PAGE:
Researchers at IBEC has a identified a important factor in E. coli infection

In their paper published in the American Society for Microbiology's Infection and Immunity journal (doi:10.1128/IAI.02772-14), IBEC's Bacterial Infections: Antimicrobial Therapies group found that ribonucleotide reductases (RNRs) – enzymes that provide the building blocks for DNA replication in all living cells – play an important role in Escherichia coli virulence and infection. This research opens the way to developing targeted drugs against the potentially deadly condition. 

Most E. coli bacterial strains occur naturally in the human gut and pose no harm to health, except for the one particular serotype that always hits the news, O157:H7, which can cause food poisoning and can become life-threatening in certain patients. 

“We examined the roles of the different RNR classes during infection with the Crohn’s disease-associated adherent-invasive E. coli strain AIEC LF82,” says Eduard Torrents, junior group leader at IBEC. Using intestinal cells and an in vivo model of infection, and working along with a research group from University of Auverge in Clermont-Ferrand, world leaders in E. coli infections, the group found that inactivating – or ‘knocking out’ – the protein nrdD and the transcriptional regulator nrdR, decreased this particular E. coli strain’s ability to colonize the mucus of the gut. “This shows that RNRs, and particularly the NrdR protein, govern the virulence of Crohn’s disease-associated E. coli by regulating the bacteria’s movement and spread,” explains Eduard.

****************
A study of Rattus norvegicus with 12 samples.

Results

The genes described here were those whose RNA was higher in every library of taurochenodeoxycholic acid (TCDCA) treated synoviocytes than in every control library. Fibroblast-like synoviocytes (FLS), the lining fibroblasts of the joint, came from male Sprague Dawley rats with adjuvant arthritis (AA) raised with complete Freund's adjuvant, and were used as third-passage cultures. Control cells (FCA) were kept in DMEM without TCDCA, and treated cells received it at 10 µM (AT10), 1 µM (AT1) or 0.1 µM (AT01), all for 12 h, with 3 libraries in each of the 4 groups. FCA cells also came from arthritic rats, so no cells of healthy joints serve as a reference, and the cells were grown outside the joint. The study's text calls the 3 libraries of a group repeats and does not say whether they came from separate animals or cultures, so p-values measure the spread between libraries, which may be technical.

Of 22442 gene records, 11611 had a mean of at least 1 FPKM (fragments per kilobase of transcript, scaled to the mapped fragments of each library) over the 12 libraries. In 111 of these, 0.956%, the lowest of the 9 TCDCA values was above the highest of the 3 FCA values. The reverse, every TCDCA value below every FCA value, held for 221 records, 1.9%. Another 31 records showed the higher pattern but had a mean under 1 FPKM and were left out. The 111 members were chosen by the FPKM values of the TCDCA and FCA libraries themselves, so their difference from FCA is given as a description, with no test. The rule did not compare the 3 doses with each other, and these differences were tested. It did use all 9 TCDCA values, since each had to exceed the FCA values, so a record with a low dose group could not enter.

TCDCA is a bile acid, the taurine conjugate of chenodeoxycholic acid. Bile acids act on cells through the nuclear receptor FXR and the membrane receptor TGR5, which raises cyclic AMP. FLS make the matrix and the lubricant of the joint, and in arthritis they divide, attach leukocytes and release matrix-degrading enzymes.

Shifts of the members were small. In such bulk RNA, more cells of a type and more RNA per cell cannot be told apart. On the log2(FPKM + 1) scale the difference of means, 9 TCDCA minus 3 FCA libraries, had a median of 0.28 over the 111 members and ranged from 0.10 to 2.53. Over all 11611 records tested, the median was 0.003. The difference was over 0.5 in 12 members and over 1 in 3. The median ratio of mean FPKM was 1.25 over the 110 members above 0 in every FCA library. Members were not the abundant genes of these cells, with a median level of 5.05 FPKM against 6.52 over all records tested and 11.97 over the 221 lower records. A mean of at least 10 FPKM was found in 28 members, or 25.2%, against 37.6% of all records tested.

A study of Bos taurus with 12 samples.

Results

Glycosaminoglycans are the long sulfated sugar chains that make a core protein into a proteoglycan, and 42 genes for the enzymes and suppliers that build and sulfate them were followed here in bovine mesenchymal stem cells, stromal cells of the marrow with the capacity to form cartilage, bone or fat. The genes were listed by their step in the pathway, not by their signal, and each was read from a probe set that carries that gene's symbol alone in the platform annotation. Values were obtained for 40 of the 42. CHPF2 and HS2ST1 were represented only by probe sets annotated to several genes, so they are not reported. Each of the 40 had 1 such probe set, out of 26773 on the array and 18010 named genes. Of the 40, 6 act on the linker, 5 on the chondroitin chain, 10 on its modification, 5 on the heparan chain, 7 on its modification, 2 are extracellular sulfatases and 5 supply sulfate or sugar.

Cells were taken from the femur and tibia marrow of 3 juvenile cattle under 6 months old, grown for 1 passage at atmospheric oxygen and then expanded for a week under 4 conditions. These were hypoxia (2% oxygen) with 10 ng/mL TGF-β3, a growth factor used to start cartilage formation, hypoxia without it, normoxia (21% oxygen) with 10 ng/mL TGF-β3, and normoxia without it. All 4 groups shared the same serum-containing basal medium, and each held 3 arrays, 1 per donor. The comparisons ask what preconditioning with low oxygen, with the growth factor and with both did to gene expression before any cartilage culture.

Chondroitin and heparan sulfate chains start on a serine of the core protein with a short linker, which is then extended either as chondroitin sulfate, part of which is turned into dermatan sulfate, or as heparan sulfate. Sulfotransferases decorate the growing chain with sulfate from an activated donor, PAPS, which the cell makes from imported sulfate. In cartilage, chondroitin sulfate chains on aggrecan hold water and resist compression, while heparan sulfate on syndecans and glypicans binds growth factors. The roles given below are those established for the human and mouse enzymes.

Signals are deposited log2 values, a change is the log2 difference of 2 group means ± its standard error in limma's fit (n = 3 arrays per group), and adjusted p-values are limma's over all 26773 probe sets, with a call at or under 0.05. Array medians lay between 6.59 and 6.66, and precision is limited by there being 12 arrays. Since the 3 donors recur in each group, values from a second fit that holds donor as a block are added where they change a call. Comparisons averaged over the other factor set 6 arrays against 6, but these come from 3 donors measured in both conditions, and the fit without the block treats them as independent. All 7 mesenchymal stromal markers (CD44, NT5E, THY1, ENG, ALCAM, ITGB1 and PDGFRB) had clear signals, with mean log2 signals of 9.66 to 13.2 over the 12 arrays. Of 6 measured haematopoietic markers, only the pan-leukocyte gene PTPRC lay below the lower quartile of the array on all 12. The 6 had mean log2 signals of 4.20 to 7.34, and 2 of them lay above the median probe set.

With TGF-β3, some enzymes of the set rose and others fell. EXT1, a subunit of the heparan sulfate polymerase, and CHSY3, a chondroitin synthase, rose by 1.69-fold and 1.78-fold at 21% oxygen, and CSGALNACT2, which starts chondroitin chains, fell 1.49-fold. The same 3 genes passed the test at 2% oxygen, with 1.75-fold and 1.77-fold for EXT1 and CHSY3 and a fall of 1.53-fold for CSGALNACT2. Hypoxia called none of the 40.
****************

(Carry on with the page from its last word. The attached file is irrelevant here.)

Access to new, effective antibiotics is essential, as antimicrobial resistance (AMR) is one of the greatest societal risks threats to human health today. The increased resistance to existing antibiotics and the lack of new antibiotics in development means that identifying new alternatives to treat bacterial infections is crucial. Thanks to the new findings, the development of drugs targeting ribonucleotide reductases, in particular NrdD and NrdR, could be a promising new strategy to control bacterial infections, and in particular to control gut colonization by Escherichia coli.